If only during the course of planning and play our games came with convenient warning signs like this. Sadly, since they don’t, you’ll just have to live vicariously through my own experience that, recently, included experiencing the feeling of impending termination from both sides of the screen. In reality neither of these are the end of the world, but certainly could have been handled better. The consideration of ending a campaign is not necessarily one to be wondered aloud in front of your players.

Behind the Screen

For several months I have had the opportunity to run A Song of Fire and Ice game, somewhere in the neighborhood of about a dozen sessions. The campaign started off strong but due to number of external factors has had to contend with several delays. That has been compounded with a general malaise and frustration with the rules, a new edition that’s filled with errors, and a lack of enthusiasm on my part. There are a number of game ideas in my head right now, none of them related to Westeros.

If you haven’t noticed, I’ve even taken to referring to the campaign in past tense. It isn’t a matter of when the game will end but a matter of how soon can I make it happen and move on. To an extent I’ve have been transparent with the group regarding the campaign length — I’ll bring it to a close when it feels natural — but now, in hindsight, I shouldn’t have done that. The conversation has reached a point that, internally, it feels like I’ve already ended the campaign, so much so that I’m thinking about the next game already.

I’m not sure how we started talking about the end of the campaign but now that we have it feels like the campaign has an expiration sticker attached to it.

But it wasn’t until feeling this experience from the other side of the screen that I had an inkling of how this likely makes my players feel.

The Other Side

Concurrently, during our off weeks we have a Marvel Heroic Roleplaying game that has promise. It started as a small one shot and expanded into a full-sized game, integrated backgrounds, and a metaplot. Perhaps it is my unfettered enthusiasm for super hero games in general, but the amount of effort put into my character sheet alone is the stuff of awesome. (Seriously, it’s a disturbingly fantastic character sheet!)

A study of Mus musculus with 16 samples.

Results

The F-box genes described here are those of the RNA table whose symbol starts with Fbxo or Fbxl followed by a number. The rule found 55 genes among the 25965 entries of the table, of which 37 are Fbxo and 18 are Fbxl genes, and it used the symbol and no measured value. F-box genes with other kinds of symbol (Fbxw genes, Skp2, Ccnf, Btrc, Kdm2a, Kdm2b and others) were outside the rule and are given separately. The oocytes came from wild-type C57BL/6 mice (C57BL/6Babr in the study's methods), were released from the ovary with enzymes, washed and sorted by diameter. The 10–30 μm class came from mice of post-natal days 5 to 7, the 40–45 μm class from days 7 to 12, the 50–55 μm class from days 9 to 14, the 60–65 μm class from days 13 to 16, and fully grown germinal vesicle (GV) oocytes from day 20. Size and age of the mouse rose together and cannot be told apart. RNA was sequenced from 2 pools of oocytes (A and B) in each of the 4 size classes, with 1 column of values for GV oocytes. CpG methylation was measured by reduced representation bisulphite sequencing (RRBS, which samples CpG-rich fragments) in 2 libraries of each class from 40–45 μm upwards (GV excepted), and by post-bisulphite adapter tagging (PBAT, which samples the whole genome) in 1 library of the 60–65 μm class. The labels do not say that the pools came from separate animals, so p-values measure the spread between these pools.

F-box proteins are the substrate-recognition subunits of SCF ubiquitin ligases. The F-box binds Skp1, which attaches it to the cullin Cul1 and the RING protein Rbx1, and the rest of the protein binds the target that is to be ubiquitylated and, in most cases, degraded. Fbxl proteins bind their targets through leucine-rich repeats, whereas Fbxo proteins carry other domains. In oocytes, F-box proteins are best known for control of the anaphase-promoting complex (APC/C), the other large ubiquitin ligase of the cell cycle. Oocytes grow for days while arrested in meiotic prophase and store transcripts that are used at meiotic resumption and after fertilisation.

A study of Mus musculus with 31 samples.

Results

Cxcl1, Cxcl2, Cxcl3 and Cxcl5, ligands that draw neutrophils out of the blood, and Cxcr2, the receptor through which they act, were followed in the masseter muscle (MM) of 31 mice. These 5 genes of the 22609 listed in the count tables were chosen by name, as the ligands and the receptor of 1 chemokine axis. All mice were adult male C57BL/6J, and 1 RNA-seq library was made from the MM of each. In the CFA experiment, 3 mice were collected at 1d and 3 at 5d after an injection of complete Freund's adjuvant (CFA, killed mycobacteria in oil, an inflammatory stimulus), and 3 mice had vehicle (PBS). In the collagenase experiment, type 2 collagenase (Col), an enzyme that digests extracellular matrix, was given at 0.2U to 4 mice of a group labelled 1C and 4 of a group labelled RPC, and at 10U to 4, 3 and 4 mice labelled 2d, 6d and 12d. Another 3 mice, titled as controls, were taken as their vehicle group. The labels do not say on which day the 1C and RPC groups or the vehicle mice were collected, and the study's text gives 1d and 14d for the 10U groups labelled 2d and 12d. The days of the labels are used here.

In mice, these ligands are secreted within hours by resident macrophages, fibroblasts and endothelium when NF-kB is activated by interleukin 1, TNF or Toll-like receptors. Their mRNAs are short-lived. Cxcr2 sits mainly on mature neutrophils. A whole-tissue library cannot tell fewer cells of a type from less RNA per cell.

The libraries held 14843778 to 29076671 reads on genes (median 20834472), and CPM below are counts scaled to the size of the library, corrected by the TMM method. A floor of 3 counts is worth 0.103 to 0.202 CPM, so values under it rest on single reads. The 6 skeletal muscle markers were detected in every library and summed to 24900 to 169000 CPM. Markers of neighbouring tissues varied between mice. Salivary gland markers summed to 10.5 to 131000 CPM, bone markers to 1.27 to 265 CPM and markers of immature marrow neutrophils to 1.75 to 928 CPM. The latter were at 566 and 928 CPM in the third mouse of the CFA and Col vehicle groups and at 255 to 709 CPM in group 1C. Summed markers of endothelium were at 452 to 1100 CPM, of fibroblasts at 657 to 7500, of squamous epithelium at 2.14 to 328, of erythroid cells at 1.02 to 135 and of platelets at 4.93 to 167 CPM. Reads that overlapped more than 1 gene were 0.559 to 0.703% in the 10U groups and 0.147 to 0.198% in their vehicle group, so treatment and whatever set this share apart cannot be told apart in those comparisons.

So after three sessions, when the GM proclaimed that the game had “six or so sessions left,” that went a long way in killing my desire to play. The game had gone from one of thinking about backgrounds, history, character motivation and eagerly looking forward to the next session to a general feeling of “why bother?”

Now that’s vastly simplifying things, but the overarching takeaway and feeling for me was that, as a player, having proclaimed an impending ending had removed my primary motivation as a roleplayer: That character study where you delve into the role and approach the world as your character…but now the world is about to end and there’s nothing to do about it. Major bummer.

It was at this point that I realized that I was now experiencing the same situation that I inadvertently had placed my own players in. The premature discussion of ending a game’s campaign is akin to placing a countdown timer on the corner of the table and asking no one to look at it. After awhile, it’s all you can look at.

What had begun as an open dialog to allow the other players and myself to discuss the next gaming opportunity also had the byproduct of sucking what remaining life existed from the current game. Transposing my own reaction as a player into those in my game, I wouldn’t be surprised to find their reactions similar to my own. Perhaps even exacerbated as I favor character-based campaigns.

The Better Way

Now that’s not to say that you can’t have these discussions but, as with most things, context is important. The first thing I would change is to plot out and write the remaining adventures prior to any end-of-campaign discussion with the group. That way, as closure sets in as the GM I don’t sabotage the creative endeavor.

From the player perspective I’m unsure under what condition knowing the game is going to end would give me closure. Certainly no game runs forever but I think putting a tag on it, such as “six sessions,” feels like an arbitrary restriction and the beginning of the countdown timer. Like your favorite television show being cancelled, the slow, steady death march to the final episodes of its demise. That can also create a sense of pressure and expectations that the game may not live up to in the end.

The compromise may be to involve the players in the discussion. Knowing that the end is coming, solicit feedback as to what questions the players would like answered and ends neatly tied up. Speaking for myself, hearing that a game you enjoy is winding down isn’t palatable, no matter how the subject is approached.

Have you committed any game terminating faux pas yourself? Did it end with a whimper or salvage to a satisfying conclusion? Share with us below!

As for me, I’m going to beg the GM to keep Marvel Heroic running and force myself to spend serious effort to end the Game of Thrones campaign with the same quality it began.